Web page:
It’s almost midnight when Marta Nascimento strides up to a young sex worker and her john who are loitering in Martim Moniz, Lisbon’s red-light district. Nascimento opens her backpack, which is brimming with syringes, aluminum foil, and crack pipes. The sex worker only asks for condoms, though—she doesn’t need drug paraphernalia tonight. Confused, the john asks if Nascimento is carrying. “She doesn’t sell drugs,” the sex worker explains, “just distributes the material to do them.”
Zipping up the backpack after handing the woman several condoms, Nascimento interjects to correct her: “It’s to make doing drugs less risky.” She always has back-up.
A 37-year-old psychologist by training, Nascimento works for a public health organization, Crescer na Maior, which facilitates needle and pipe exchanges among Lisbon’s drug users. The group’s methods reflect Portugal’s unique drug policies: In 2001, the country became the first in the world to decriminalize personal use of all narcotics. Dealing and trafficking is still illegal, but individuals are allowed to possess small amounts—up to two grams of cocaine, for example—
without running afoul of law enforcement. The government has also invested in harm-reduction initiatives for addicts, including methadone programs, treatment centers, and needle exchanges. (Crescer na Maior is partially state-funded.) The results have been significant: From 2001 to 2014, the number of new HIV cases among drug users fell from 518 to just 42.
Not everyone supports the government’s approach. Nascimento has been harassed and had bottles thrown at her for what some Portugal residents termed “enabling drug use.” Yet she sees her work through a pragmatic lens. “There is no such thing as a drugs-free world. Some people will always turn to substances to fix their problems,” Nascimento told FOREIGN POLICY in October. “This way, we’re improving their lives.”
Plastic container – Used needles can pass HIV or hepatitis, and the frequency of transmission is a real health crisis. When we visit neighborhoods, users deposit old spikes into the containers and take the new ones we give them. Once they’re full, we burn the containers as a safety precaution.
Notepad — Once I’m out of sight, I write down pertinent information: the patient’s medical issues, how many new needles were exchanged. I don’t write in front of them because they’ll be suspicious that I’m sharing information with the police or a doctor, which we never do. Personal information is confidential, but the general data help us apply for government funding each year.
Cellphone — I have a work phone and give the number out to anyone who wants it. Users call when they need new needles, help getting a doctor’s appointment, or a safe place to stay the night. One of my patients used to call frequently threatening suicide. He’s in an addiction rehabilitation program now.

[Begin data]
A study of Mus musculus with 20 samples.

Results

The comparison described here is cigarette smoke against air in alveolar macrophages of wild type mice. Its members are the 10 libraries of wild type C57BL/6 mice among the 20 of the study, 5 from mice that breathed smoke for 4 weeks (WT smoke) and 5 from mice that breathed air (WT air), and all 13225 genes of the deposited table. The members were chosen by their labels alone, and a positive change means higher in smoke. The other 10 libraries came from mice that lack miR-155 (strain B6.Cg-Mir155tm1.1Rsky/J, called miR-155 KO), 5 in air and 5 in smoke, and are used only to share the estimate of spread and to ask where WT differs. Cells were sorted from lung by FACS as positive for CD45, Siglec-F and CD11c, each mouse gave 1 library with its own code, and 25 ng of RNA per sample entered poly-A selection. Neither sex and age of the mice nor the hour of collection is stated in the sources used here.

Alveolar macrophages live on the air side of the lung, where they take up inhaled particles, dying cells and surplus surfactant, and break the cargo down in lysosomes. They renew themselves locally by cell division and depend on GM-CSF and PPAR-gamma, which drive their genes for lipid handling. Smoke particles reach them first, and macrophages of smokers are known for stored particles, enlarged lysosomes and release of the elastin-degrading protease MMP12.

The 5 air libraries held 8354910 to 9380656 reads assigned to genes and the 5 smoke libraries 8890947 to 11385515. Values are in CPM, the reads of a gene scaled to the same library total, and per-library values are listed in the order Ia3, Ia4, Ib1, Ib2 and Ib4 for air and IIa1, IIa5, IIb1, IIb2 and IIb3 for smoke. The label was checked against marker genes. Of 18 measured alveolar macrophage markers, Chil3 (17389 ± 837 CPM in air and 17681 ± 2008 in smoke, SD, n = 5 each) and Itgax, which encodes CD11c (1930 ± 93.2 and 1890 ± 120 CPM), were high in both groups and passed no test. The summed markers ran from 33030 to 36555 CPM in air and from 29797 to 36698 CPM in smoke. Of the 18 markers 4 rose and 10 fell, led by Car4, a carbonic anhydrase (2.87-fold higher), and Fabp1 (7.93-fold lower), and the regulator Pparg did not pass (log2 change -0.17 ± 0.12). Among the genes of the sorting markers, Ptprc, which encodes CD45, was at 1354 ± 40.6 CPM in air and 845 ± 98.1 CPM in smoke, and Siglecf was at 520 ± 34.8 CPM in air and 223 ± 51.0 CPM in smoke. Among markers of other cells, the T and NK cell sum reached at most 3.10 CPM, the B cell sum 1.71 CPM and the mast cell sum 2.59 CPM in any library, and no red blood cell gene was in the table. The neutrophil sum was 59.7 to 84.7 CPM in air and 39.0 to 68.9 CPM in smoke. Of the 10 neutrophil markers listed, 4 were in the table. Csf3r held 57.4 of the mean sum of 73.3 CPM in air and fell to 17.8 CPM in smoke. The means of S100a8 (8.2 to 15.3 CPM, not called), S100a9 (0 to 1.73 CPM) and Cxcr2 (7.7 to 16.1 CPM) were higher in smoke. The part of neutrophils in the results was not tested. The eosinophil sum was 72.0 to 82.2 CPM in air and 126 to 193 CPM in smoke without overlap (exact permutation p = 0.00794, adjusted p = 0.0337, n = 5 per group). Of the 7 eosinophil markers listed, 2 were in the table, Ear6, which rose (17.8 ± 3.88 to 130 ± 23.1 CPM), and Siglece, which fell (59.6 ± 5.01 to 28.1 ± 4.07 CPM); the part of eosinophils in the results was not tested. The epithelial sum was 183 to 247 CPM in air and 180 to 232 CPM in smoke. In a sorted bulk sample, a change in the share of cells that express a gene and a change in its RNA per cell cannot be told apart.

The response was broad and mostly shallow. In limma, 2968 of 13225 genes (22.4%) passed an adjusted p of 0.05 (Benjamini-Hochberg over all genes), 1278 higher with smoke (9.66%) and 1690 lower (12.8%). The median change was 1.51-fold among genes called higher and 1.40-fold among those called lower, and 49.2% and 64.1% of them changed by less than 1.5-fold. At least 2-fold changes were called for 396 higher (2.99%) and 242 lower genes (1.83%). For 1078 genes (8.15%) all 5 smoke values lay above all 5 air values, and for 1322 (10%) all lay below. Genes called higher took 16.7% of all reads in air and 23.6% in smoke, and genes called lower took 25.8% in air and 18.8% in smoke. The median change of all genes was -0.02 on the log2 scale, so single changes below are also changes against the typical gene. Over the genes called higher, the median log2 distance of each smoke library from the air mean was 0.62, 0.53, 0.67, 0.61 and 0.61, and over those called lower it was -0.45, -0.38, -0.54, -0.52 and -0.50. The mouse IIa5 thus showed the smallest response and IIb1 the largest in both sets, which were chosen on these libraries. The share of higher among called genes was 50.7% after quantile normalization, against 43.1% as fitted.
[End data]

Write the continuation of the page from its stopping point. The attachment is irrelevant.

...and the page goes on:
Safety vest — I often work in the evening, so this helps drug users recognize me. I have to be careful, though, because police look out for it, too. Even though personal drug use is not a crime in Portugal, users complain about police brutality. I try my best to avoid meeting users if police are in the area. I don’t want to draw unwanted attention to my patients.
Pants — Sometimes I have to pick up used needles off the ground. I always cover my legs to keep from getting stabbed. In summer, I wear loose satin trousers. In winter, I prefer leggings or jeans.
Informational pamphlet — We pass out these flyers, which show the safest way to inject drugs. I don’t ever judge users on their methods, but I do try to explain that certain areas of the body present greater risk. For example, shooting into your legs increases the risk of stroke.
Crack pipe — In addition to syringes and aluminum foil, I give pipes to crack users, too. They have complained about the pipe design, which they say is difficult to smoke and clean because the metal holder is too tight and difficult to remove. I came up with a competition: Whoever finds a way to remove the metal holder more easily gets $55.
Tongs — I used to just wear latex gloves when picking up syringes and other trash from the street. Now I also use these tongs. They were a gift from one of my patients. He, like many users, collects scrap metal to make a little money. He found these and thought of me.
Condoms — STDs are a huge problem in the drug-user community. They become an even bigger issue when users make money doing sex work. People need the means to engage in safe intercourse. I always give them condoms and, if they ask for it, lube, which can minimize vaginal tearing and bleeding that make the body more vulnerable to infection.
Aluminum foil — We give foil to people who smoke heroin rather than shoot it. Some users are surprised we hand out the sheets and not just the new needles, but we do it. Used aluminum foil is more dangerous to smoke with because it releases more toxins.